Darryl

Darryl

Everybody’s got a friend who fucked-up.

Mine was Darryl. Nasal, pessimistic.
His hope all backed up in his sinuses.
His thick cropped hair, a shade of cartoon ginger.
Above his monobrow a squishy mole
like a baked bean, which he called My Baked Bean.

We met aged six, he showed me round my new school.
The pegs, the cobbled floors, the smell of cabbage;
the caps and shorts they wore right through the Winter.
Darryl was a good boy. Fond of rules.
A prim refrain of Umm, I’m gonna tell.

Sometimes we’d share a fractious lift to school.
A bickered pinch of time through rural Essex,
strapped in the back of his Nan’s filthy Vauxhall.
His mum, he said, had died when he was small.
He trilled his truth, a goody-two-shoes boast.

That early awkward bond is crystallised:
our shoulders rubbing in our first school photo.
I slump and squint, he’s straight-backed, toothy, tame.
Why couldn’t you have sat-up straight like Darryl?
I took his good behaviour as a taunt.

And then one day they moved him. That was that.
Next time I saw him, we were in Year 8.
He moved into my street, but he had changed.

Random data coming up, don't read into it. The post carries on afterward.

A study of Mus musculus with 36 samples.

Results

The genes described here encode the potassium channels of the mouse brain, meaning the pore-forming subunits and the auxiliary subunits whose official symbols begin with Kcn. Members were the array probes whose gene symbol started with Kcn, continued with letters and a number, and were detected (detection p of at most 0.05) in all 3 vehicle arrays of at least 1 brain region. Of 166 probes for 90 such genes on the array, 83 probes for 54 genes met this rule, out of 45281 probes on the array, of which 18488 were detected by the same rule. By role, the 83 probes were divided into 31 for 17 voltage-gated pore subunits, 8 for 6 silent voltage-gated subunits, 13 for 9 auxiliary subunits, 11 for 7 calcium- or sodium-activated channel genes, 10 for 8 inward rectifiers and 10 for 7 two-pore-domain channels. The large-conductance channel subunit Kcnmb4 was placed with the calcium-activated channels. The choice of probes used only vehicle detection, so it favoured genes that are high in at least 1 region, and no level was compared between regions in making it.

That boy is trouble. Nasty piece of work.
A diatribe of entertaining bullshit:

I glassed a swan. I felt my nan’s right tit.
All eyeballs in his Big Mac, we dared him.
Darryl keyed those cars in Tesco carpark
Darryl stole the vodka from his Grandad.
Darryl drank the lot and got run over.

That’s the phrase he used. He wasn’t hurt.
It’s just my luck to get run over.  Darryl
you weren’t run over, mate. That car was parked.

The group all laughed – You twat – we slapped his back.
Oh yeah. That sheepish grin and backwards pride.

We weren’t the best of friends. He just lived close.
Darryl’s mostly hung out with Joe Gray.
whose voice broke over seven long, shrill years,
whose older brother shagged a girl I liked.
My brother pooned that Katy. Hah hah. Gutted.

Yes, Joe Gray was a cock. But Darryl wasn’t.
You see, aged 12 his mother just pitched up.
They told me you were dead. But they had lied.
She played mum for month then changed her mind.
That straight-backed boy was crushed down like beer can.

You need to understand we never knew this.
Our mothers let us know years down the line.
The tragedy now rendered into gossip:
an 18-rated cut of our own lives
that slowly sunk in as our twenties passed.

Of course, we all know now that no one really
wants to wash their hair in lighter fluid
then spend the party being chased by Clippers.
Did we then? Perhaps we didn’t think.
Mistook the cries of Wolf for harmless pranks.

We did our scant revision, scraped exams.
He went from mate to barely-seen acquaintance
to anecdote, a witty party piece.
This kid I went to school with … fucking hell.
I heard he was in prison. GBH.

Everybody’s got a friend who fucked-up.
So what to do with mine? Carve Darryl up
and offer him to you, a moral tale?
I can’t go back and tell that boy I’m sorry.
I just feel sad. And, yes, relieved as well.